Press Releases

Chairman Bachus Delivers Opening Statement At Hearing On CFPB

Washington, March 29, 2012 - Financial Services Committee Chairman Spencer Bachus delivered the following statement during a hearing to receive the semiannual report from the Consumer Financial Protection Bureau (CFPB).

"The CFPB is an independent federal agency whose authority is unprecedented and far-reaching.  Title X of the Dodd-Frank Act confers virtually unfettered discretion on a single person, the CFPB Director, to identify financial products and services that he or she finds to be 'unfair, deceptive, or abusive,' and ban them, under a highly subjective standard that has no legally defined content.

"All of us agree on the need to protect consumers.  All of us also agree that every government bureaucracy needs transparency and oversight.  The simple truth is there is no reason that we cannot have both:  robust consumer protection and an agency that is accountable for the actions it takes and the resources it uses.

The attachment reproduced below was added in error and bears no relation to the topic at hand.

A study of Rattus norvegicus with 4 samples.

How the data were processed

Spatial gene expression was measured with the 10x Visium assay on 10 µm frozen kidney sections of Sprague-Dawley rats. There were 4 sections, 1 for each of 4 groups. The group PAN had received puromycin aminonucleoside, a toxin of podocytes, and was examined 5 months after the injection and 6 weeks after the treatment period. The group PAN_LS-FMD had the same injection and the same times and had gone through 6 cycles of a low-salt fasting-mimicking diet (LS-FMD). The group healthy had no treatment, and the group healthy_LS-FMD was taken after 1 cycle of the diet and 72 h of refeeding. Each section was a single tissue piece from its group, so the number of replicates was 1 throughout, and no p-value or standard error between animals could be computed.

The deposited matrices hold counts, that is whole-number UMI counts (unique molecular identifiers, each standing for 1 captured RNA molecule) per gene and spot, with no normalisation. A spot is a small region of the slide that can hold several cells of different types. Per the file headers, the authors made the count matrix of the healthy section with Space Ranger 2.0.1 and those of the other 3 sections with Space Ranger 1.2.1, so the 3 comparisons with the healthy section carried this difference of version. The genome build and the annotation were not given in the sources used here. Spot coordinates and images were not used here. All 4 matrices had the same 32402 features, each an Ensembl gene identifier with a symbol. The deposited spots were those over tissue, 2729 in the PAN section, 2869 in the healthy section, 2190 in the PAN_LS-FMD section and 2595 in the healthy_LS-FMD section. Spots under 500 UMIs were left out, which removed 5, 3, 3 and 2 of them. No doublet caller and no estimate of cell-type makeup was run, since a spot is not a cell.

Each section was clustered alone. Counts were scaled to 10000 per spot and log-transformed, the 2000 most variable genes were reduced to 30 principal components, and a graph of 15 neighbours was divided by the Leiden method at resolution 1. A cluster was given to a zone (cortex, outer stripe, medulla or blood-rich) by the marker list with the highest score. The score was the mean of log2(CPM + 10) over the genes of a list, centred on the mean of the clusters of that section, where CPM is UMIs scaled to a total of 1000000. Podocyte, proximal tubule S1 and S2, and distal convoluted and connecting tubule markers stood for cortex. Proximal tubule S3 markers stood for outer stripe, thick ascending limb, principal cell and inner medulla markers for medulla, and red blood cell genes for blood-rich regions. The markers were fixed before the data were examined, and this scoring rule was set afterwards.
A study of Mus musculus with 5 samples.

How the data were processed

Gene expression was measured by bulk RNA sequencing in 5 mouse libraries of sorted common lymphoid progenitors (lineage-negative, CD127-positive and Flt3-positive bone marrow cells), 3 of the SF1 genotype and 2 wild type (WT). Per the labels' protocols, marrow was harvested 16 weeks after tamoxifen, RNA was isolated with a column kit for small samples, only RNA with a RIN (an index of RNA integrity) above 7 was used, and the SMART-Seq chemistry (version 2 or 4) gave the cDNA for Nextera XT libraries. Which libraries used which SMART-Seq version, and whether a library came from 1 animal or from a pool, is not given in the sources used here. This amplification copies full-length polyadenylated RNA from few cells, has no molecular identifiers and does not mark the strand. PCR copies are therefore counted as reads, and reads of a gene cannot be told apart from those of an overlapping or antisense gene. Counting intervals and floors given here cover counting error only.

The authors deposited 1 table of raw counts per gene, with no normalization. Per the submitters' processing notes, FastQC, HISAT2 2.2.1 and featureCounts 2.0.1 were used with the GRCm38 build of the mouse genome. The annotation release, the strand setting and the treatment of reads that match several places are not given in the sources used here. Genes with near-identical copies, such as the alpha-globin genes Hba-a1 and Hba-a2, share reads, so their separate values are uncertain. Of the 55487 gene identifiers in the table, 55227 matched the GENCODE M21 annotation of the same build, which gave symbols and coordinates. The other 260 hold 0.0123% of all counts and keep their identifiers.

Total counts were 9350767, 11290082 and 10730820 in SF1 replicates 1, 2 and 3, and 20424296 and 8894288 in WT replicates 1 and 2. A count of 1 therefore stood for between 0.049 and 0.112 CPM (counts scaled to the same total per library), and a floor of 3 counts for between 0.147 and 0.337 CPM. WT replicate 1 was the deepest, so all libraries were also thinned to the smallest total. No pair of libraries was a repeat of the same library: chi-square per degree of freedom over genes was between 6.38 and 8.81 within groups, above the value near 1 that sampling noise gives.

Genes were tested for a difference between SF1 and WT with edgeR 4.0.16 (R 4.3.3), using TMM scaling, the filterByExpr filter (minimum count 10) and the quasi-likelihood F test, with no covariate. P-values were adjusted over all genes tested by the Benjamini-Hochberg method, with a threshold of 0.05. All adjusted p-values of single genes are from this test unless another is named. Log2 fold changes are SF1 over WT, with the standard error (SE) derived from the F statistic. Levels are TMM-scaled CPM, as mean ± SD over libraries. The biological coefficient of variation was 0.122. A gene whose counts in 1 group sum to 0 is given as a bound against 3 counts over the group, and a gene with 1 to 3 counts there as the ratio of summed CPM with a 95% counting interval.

"The cause of greater accountability was not well-served by the President’s decision to circumvent the advice and consent of the Senate and install Mr. Cordray as the CFPB’s Director in a constitutionally questionable maneuver.  As I have told you previously, Mr. Cordray, I believe neither you nor the agency you head were well-served by that decision either, since it casts a legal cloud over the legitimacy of the Bureau’s regulatory and enforcement activity.  And as I’ve also said previously, this dispute has nothing to do with you personally but with the structure and lack of accountability surrounding the agency you’ve been asked to lead.

"The House has passed two bills this Congress – H.R. 1315 and H.R. 4014 – that make the CFPB more accountable without, in any way, hampering its ability to protect consumers.  H.R. 1315 includes provisions placing the CFPB under the management of a five-member, bipartisan commission – an idea originally proposed by and supported by House Democrats.  H.R. 4014, which passed the House just this week with strong bipartisan support and the support of Mr. Cordray, fixes a critical omission in the Dodd-Frank Act that could have resulted in regulated institutions waiving their attorney-client privilege when sharing confidential information with the CFPB.  

"Given that the CFPB is not subject to the annual Congressional budget process, hearings like this are essential to the oversight process.  In fact, hearings like this are the only opportunity currently available to Congress to exercise any oversight of the CFPB at all."